GRANDVIEW, Wash. – Robert Smasne was destined to be a winemaker.
Smasne, owner and winemaker for Smasne Cellars, grew up in the Yakima Valley amid all kinds of agriculture. His family grew juice grapes and later wine grapes, and at a young age, he would sneak into famed Otis Vineyard near his home. After tasting the different varieties, his young mind would wonder why they tasted so different than the Concords his folks grew.
In this week’s Great Northwest Winecast, we sit down with Smasne to talk about his family history and his growing winemaking prowess.
Here’s the interview.
Smasne started his career working at Covey Run, where he had the chance to be around the legendary David Lake, who was the head winemaker at Columbia Winery for decades. From there, he headed to Walla Walla for a few years, where he was the winemaker for Amavi and had the opportunity to work under Jean-François Pellet, head winemaker for Pepper Bridge Winery, as well as craft the wines for Skylite Cellars.
Robert Smasne returns to Yakima Valley
In the early 2000s, the tug of the Yakima Valley pulled him back, where he worked for Alexandria Nicole Cellars in Prosser before deciding to launch his own winery. Today, he makes more than 10,000 cases of wine for his various brands, which include Smasne Cellars, Robert O. Smasne, Farm Boy and Farm Girl. Additionally, he crafts wines for such clients as Northwest Cellars in Kirkland and Upland Estates in Sunnyside.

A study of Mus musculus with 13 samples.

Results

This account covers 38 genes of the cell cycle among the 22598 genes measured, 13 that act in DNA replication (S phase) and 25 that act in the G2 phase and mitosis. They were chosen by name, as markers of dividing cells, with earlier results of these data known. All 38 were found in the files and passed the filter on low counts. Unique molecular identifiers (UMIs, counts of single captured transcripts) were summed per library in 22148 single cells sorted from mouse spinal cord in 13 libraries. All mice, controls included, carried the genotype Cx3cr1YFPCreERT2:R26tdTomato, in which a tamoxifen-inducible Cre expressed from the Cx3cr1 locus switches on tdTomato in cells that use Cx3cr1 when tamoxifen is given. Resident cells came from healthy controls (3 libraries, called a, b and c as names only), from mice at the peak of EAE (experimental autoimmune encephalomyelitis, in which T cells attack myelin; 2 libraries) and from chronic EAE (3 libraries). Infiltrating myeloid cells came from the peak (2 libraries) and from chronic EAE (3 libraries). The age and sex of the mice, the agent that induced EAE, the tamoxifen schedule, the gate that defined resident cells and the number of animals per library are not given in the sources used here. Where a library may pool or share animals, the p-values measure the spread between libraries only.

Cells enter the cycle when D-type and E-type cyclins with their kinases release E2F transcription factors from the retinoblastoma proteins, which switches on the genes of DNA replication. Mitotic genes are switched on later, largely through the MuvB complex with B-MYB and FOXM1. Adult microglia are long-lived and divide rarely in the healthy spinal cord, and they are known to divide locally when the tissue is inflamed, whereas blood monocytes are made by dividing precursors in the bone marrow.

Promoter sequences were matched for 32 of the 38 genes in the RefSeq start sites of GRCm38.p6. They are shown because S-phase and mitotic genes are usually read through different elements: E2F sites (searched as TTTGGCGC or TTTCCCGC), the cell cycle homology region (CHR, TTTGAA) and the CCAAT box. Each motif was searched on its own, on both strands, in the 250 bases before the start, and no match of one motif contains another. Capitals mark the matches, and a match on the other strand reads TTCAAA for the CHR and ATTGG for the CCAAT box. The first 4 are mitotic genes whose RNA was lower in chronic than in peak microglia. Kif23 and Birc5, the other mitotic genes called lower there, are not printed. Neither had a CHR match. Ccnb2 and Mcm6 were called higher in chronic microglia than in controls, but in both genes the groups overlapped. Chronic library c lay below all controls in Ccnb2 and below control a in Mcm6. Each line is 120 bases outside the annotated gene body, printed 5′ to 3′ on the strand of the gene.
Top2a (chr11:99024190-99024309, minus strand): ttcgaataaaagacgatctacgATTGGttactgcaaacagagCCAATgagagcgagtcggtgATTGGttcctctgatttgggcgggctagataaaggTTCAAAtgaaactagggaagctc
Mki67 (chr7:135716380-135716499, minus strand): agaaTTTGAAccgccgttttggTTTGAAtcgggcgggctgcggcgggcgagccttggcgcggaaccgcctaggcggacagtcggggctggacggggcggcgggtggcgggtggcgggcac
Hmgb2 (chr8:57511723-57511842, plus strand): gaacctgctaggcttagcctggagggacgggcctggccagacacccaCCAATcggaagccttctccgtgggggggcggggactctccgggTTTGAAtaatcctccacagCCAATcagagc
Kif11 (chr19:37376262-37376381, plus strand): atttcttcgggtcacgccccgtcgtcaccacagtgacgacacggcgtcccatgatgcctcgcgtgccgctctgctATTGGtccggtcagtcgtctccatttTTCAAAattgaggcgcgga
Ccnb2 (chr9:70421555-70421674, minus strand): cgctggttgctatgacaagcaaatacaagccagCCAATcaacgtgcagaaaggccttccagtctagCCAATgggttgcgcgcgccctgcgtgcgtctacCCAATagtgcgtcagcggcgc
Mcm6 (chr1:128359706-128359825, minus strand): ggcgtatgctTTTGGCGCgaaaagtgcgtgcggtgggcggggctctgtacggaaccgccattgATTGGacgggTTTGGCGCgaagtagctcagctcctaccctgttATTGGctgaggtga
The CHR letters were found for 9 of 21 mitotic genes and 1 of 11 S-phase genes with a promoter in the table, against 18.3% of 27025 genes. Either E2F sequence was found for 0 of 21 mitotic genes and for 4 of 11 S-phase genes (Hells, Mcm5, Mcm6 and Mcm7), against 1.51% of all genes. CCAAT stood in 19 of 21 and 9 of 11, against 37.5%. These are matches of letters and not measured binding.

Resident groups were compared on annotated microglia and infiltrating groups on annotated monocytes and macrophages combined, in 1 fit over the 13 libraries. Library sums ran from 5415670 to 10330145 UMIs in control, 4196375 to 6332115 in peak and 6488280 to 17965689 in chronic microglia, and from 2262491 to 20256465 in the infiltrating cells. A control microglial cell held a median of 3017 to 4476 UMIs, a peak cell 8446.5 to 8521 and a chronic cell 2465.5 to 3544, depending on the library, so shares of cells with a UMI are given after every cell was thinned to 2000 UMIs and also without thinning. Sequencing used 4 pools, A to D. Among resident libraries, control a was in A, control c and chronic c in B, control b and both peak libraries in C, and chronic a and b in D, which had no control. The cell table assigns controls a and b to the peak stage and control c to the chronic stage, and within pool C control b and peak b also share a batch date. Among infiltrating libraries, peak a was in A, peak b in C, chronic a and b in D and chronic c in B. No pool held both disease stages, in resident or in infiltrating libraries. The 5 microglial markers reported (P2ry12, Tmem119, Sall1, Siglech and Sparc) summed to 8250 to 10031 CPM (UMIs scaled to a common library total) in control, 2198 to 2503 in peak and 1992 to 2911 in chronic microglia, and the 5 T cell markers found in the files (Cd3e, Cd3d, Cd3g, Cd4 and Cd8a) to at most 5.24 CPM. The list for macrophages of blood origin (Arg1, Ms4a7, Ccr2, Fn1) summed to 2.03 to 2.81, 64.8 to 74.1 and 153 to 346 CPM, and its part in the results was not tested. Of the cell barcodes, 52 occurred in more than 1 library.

Smasne also uses grapes from nearly every American Viticultural Area in Washington, missing out only on the Columbia Gorge, Puget Sound, Lake Chelan and Naches Heights.
In the past few years, Smasne has been on a remarkable run, winning many, many top medals at regional, national and international wine competitions. In the past three years, his wines have won about a dozen Platinum medals at Wine Press Northwest magazine’s year-end best-of-the-best wine competition.
One of Smasne’s new projects is Tudor Hills, a new brand that uses grapes from Otis Vineyard – that vineyard he snuck into as a young child. Otis is home to some Cabernet Sauvignon vines that were planted in the 1950s, making them the oldest Cab vines in Washington.
Smasne’s winemaking facility in the Yakima Valley is not open to the public, but he does have tasting rooms in Woodinville’s Warehouse District and in the Tri-Cities in Kennewick’s Southridge neighborhood.